I have to confess—I haven’t started on my “mask” piece. I haven’t even thought about it much. I’ve been distracted. I’ve been in Italy on vacation and, oh yes, it was wonderful and filled with good food and marvelous art and architecture and wine and sunshine and piazzas and gelato and cappuccino, but no masks. No masks until...
We were in Florence and looking for something fun to do when I read about a walking tour of Florence called "Renaissance to Street Art". We met our guide at the Piazza del Signoria, surrounded by Renaissance buildings and Renaissance statues and started out to learn a little about the flourishing culture of Florentine street art. Down a little side street from the piazza we encountered our first subject--a little painting of a Renaissance cherub wearing a snorkeling mask. It had been painted on paper, then glued to the metal door of a utility box set into a stone wall, and signed "Blub." Blub, we learned, is a mysterious artist, whose work appears in the night in locations all throughout the city of Florence. Blub pronounced "bloob",is one of the most active and prolific of a growing group of Florence street artists. No one knows the identity of Blub, but his/her work is becoming internationally known and once we had seen the first one, we began to see them everywhere. Each is a painting of a familiar face from, mostly, classic paintings, wearing a snorkle mask and under water. We also learned about, and saw, work by other artists, but Blub was, by far, the most active and it became like a treasure hunt to find them. I liked that Blub always attached his/her work to things like utility boxes and not the stone or stucco of the old buildings. It wasn't until I had seen about six of them that I smacked my forehead and thought MASK! Serendipity at its best.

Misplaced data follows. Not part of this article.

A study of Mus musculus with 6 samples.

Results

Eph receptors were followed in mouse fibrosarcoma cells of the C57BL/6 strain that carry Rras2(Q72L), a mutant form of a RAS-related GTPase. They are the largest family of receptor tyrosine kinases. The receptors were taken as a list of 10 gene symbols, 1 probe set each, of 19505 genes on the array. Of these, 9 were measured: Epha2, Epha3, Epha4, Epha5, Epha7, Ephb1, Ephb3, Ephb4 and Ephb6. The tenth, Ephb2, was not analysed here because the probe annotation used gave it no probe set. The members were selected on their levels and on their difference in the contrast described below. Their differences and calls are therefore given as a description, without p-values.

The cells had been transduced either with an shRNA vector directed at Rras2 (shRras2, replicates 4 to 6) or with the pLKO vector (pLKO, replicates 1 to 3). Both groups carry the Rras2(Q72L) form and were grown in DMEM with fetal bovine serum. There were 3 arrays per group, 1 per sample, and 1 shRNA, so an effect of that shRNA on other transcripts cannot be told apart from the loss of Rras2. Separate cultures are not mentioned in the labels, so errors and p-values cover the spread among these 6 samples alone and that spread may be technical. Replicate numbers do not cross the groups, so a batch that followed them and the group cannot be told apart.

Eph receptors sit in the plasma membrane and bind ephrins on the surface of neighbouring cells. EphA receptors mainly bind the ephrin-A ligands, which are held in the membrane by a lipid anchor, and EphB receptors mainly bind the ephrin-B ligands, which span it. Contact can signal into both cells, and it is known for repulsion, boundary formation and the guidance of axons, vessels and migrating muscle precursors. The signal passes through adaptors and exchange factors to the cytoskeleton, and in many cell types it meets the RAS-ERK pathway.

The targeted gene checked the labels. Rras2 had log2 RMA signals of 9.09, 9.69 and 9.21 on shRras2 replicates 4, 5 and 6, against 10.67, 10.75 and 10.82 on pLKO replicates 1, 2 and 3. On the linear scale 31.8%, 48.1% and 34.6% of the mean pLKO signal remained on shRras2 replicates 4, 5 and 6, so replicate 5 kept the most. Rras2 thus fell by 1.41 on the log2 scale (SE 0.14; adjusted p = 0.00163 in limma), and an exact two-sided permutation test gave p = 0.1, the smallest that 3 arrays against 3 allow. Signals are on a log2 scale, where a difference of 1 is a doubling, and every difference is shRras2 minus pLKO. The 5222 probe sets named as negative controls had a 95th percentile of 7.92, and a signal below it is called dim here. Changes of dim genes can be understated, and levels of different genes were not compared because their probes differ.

This one, below, is a portrait, by Blub, of another of the street artists, Clet, who cleverly alters traffic signs around the city.
These works are ephemeral, here today, gone tomorrow, so it was fun to see so many. I have since googled Blub, Florence, to see even more. I recommend it. They make me smile.
I'm home now, ready to start planning my piece about masks. I don't think I'll be using snorkeling masks in my piece, but these works were inspiring and might push me to consider not just the obvious response.